Michael Bay’s $75-million payday for ‘Transformers’

June 10, 2009 | 2:19 p.m.

Michael Bay on the set

When I interviewed Michael Bay last month, he certainly seemed unfazed by all of his many critics. Now I know one of the reasons — or maybe even 75 million of them. Claudia Eller and Ben Fritz, who delve into the money matters of Hollywood, have a report in today’s Los Angeles Times about the bombastic filmmaker’s sweet payday on the first “Transformers” movie and the windfall he has coming with its sequel. –G.B.

Paramount Pictures’ upcoming film doesn’t hit theaters until June 24, but Hollywood is already buzzing that “Transformers: Revenge of the Fallen” could be the biggest movie of the summer and net one of the richest paydays ever for a director.

Director Michael Bay agreed to forgo his normal percentage of ticket sales and a portion of his upfront fee in exchange for an even bigger piece of total profits from all revenue sources after Paramount recoups its costs. This kind of deal is increasingly common in Hollywood as studios attempt to avoid situations where they lose money on a film or eke out a tiny profit while big-name talent walks away with tens of millions of dollars, as happened with Paramount’s “Mission Impossible III” and star Tom Cruise.

Bay cut a similar deal on the first “Transformers” movie in 2007 and walked off with about $75 million after the sci-fi event film grossed $708 million worldwide and became one of the year’s top DVD sellers.

Though the bar is higher for “Revenge of the Fallen” to go into the black since it cost more than its predecessor, Bay could make an even bigger killing this time around if the sequel does significantly better.

Several executives who have seen the most recent pre-release audience surveys are predicting a five-day domestic opening exceeding $160 million. That would beat “Spider-Man 2’s” $152 million in 2004, currently the five-day record for any film debuting on a Wednesday.

“Transformers: Revenge of the Fallen” is also opening day-and-date in most major foreign territories. If it follows the pattern of the first film, it will earn even more money internationally than in the U.S. and Canada. The original “Transformers” earned 55% of its box office revenue overseas.

Tracking is never a surefire indicator of a film’s performance, of course. But it’s rare when a film is the No. 1 most anticipated offering three weeks from its opening — which “Transformers” was last week.

The movie has a good shot at being the summer’s top grossing worldwide hit. Warner Bros. July 15 release, “Harry Potter and the Half Blood Prince,” is the only other competitor for the crown.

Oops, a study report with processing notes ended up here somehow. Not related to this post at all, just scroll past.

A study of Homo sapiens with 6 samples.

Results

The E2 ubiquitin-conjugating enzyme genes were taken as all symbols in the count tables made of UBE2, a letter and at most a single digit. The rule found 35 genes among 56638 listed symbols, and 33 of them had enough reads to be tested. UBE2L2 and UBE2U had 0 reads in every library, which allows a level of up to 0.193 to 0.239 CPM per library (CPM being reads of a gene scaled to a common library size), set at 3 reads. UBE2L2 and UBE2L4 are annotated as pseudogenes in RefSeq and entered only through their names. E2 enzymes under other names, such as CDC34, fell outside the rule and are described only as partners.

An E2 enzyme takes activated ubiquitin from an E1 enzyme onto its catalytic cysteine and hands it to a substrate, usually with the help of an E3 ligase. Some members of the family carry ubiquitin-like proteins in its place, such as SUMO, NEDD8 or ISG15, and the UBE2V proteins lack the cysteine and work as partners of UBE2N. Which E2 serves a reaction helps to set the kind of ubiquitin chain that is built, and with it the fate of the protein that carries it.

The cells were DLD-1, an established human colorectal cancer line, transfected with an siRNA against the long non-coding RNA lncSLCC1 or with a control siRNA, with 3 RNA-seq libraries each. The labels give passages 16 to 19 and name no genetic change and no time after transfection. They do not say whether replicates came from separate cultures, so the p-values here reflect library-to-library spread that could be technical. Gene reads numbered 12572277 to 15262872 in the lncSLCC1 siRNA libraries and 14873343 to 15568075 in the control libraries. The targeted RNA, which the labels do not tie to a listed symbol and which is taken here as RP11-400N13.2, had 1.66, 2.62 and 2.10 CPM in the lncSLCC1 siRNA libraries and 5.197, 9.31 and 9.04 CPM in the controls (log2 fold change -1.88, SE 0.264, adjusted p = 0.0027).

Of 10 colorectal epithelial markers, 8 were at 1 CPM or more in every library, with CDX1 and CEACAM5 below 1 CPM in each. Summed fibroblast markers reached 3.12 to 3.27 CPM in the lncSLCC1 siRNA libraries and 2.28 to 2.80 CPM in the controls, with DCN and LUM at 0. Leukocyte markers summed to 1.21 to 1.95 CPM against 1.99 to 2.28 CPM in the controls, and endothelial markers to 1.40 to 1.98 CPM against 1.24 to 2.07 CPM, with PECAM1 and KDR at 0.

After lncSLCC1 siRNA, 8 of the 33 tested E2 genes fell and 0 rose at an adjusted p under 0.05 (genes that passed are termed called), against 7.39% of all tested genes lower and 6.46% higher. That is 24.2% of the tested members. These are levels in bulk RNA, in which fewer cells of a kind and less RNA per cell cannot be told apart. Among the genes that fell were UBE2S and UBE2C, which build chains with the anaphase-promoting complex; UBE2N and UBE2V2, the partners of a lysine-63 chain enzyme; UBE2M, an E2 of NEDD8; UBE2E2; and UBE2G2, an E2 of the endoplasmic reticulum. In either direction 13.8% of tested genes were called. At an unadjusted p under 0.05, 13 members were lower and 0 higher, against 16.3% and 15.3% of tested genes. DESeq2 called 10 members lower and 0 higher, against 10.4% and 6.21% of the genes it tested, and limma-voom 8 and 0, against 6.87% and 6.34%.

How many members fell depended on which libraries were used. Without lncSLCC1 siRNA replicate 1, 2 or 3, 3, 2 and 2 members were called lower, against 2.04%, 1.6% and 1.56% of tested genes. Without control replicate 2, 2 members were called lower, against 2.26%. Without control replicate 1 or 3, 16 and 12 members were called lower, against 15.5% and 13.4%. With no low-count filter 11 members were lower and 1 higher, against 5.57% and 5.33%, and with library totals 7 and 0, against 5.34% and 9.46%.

— Ben Fritz and Claudia Eller


Michael Bay and friend

Michael Bay knows you hate him: “There’s a lot of poison on the Internet…whatever”

Michael Bay talks about Shia LaBeouf’s dark moods

“Transformers 2” screenwriters are having a summer to remember

“Transformers 2”: The mother of all robot-on-robot violence


7 Responses to Michael Bay’s $75-million payday for ‘Transformers’

  1. Rena Moretti says:

    That a no-talent director like Michael Bay be given deals like those as if he were capable of doing something akin to directing is a great example of everything that is wrong with Hollywood.

  2. Rena Moretti says:

    It may help the writer of this article to remember that box-office numbers are generated, not by an independent company, but by the studios themselves, which may explain why a series of "record box-office" years has failed to have any impact on the bottom line of the companies supposedly reaping this windfall.
    Theater chains are cutting their dividends and media conglomerates are reporting disastrous results.
    Since when has "record box-office" equated negative profits?

  3. Rob says:

    Bay's films are just a chaotic blur, and difficult to follow. I've seen most of his, and I just can't follow his visual storytelling very well.

  4. runningman says:

    There are quite a few people who like the kind of shallow plot movies with a lot of CG's in them that Bay makes. You don't need talented actors just as in this case some stupid robots that want to destroy our world. This is what our society has evolved into.

  5. Luiza Warren says:

    It's a funny thing about money, that pretty much everyone wants more. Doesn't matter how much they already have. In fact, it often seems like the more you have, the more determined you are to have more. That seems like pretty suspect reasoning to me. Perhaps because I don't accept your assumption that there are certain 'kinds of people' for whom this happens and the rest of us plebs just won't ever make it.

  6. […] with the banishment of Megan Fox, he will brook no dissent on the set, and (especially after a $75-million payday for just one of the films) Bay is the only human cog who is as important as the big clanging […]

  7. Shannon S says:

    I guess money talks – like Michael bay's LAWYERS! Paramount has a way of figuring money in that it STILL claims that "Coming To America" OR "Forrest Gump" has YET to make $1 profit so the writer's don't get ANY money from them!!!! I bet if Bay wasn't so rich and Paramount tried their usual "even though it has made a BILLION and only cost us $400 million it hasnt made a profit yet" B.S. with him, Bay's lawyers woud have a field day! I actually wish this WOUDL happen to stop the screwing over of less-fortunate writers & film makers.